From the award-winning author of Crossing Ocean Parkway, a personal memoir about adjusting to loss through books, meditation, and the process of memory itself
Marianna De Marco Torgovnick experienced the rupture of two of her life’s most intimate relations when her mother and brother died in close proximity. Mourning rocked her life, but it also led to the solace and insight offered by classic books and the practice of meditation. Her resulting journey into the past imagines a viable future and raises questions acute for Italian Americans but pertinent to everyone, about the nature of memory and the meanings of home at a time, like ours, marked by cultural disruption and wartime. Crossing Back: Books, Family, and Memory without Pain presents a personal perspective on death, mourning, loss, and renewal.
A sequel to her award-winning and much-anthologized Crossing Ocean Parkway, Crossing Back is about close familial ties and personal loss, written after the death of her remaining birth family, who had always been there, and now were not. After their loss, she entered a spiritual and psychological state of “transcendental homelessness”: the feeling of being truly at home nowhere, of being spiritually adrift. In a grand act of symbolic reenactment, she found herself moving apartments repeatedly, not realizing she did so subconsciously to keep busy, to stave off grief. By reading and studying great books, she opened up to mourning, a process she constitutionally resisted as somehow shameful. Over time, she discovered that a third death colored and prolonged her feelings of grief: her first child’s death in infancy, which, in the course of a happier lifetime, had never been adequately acknowledged. Her new losses led her finally to take stock of her son’s death too. Reading and meditating, followed by writing, became daily her healing rituals.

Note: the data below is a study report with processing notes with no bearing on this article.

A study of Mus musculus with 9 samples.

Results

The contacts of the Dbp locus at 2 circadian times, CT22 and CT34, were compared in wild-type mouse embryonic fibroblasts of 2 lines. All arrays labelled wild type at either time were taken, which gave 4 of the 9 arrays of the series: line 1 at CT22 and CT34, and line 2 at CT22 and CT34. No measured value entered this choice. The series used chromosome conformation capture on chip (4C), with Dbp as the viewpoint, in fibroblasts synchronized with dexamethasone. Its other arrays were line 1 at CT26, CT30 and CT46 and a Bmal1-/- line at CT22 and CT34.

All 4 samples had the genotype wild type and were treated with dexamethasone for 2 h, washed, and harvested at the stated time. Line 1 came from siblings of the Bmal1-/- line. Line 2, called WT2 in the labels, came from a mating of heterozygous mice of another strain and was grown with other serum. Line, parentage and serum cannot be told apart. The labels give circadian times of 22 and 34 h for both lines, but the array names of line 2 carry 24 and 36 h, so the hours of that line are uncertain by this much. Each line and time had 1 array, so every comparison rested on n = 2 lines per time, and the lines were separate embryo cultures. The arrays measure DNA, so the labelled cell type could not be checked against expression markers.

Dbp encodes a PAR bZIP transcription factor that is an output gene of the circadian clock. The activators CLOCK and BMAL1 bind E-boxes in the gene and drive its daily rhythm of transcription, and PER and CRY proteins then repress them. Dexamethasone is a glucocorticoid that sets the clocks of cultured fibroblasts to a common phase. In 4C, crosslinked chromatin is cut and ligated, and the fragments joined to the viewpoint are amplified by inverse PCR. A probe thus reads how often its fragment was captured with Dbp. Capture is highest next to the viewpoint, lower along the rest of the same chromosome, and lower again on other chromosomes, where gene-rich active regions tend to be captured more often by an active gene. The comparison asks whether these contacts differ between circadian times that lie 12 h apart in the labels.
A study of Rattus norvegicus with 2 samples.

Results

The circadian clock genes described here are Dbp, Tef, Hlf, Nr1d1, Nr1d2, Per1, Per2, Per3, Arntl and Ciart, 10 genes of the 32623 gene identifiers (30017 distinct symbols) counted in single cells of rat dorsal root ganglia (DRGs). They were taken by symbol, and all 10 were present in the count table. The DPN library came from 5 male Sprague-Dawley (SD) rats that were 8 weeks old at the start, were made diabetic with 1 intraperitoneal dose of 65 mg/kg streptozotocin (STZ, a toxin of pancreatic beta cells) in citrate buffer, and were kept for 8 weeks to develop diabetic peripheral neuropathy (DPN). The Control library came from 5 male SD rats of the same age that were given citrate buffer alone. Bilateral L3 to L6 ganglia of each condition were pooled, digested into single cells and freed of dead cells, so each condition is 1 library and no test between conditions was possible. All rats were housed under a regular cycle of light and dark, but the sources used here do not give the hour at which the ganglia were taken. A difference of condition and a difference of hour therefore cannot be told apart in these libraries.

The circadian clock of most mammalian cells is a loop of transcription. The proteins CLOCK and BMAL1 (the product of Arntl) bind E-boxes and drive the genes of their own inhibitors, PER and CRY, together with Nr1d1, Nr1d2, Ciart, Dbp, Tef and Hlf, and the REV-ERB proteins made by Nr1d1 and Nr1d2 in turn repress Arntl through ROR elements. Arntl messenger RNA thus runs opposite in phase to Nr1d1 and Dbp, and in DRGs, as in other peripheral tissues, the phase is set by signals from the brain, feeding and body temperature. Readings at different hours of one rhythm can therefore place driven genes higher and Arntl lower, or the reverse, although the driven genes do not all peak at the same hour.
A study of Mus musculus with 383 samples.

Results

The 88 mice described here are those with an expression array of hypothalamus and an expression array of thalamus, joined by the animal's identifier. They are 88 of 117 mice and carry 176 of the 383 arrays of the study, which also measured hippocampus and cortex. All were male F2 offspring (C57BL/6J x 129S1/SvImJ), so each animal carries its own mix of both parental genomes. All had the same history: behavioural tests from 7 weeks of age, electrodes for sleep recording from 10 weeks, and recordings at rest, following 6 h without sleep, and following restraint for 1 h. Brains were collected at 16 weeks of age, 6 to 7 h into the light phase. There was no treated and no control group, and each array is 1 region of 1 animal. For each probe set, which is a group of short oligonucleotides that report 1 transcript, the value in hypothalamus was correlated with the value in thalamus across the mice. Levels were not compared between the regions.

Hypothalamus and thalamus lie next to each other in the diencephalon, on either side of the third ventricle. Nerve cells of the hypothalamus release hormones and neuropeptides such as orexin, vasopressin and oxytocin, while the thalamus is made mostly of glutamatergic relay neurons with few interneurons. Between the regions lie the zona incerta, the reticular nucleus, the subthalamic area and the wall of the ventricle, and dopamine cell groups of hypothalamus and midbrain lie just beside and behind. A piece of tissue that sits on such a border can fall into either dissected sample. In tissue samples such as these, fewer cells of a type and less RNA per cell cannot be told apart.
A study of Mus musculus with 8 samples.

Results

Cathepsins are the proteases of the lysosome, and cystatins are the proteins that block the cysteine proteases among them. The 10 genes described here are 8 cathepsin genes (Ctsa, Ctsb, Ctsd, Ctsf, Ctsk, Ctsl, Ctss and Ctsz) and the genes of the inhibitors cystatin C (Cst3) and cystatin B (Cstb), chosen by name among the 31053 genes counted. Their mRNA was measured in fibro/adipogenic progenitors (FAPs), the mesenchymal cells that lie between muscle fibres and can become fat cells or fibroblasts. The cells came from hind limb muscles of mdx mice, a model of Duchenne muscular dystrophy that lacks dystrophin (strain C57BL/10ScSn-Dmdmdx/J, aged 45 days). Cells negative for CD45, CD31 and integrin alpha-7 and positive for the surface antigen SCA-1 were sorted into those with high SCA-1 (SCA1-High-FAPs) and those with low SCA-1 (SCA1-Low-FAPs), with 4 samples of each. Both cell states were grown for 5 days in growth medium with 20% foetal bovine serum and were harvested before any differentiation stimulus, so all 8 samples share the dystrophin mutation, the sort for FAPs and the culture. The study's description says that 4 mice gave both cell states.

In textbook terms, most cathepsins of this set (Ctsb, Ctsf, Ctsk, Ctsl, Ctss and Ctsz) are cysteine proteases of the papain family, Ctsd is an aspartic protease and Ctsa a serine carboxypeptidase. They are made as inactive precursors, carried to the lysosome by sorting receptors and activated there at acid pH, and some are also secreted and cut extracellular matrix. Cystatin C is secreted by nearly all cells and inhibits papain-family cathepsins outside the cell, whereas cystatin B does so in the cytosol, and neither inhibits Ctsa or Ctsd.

A warm and intimate user’s guide to books, family, and memory in the mourning process, the end-point being memory without pain, Crossing Back is a wide-ranging memoir about growing older and learning to ride the waves of change. Lively and conversational, Torgovnick is masterful at tracking the moment-to moment, day-to-day challenges of sudden or protracted grief and the ways in which the mind and the body seem to search for—and sometimes find—solutions.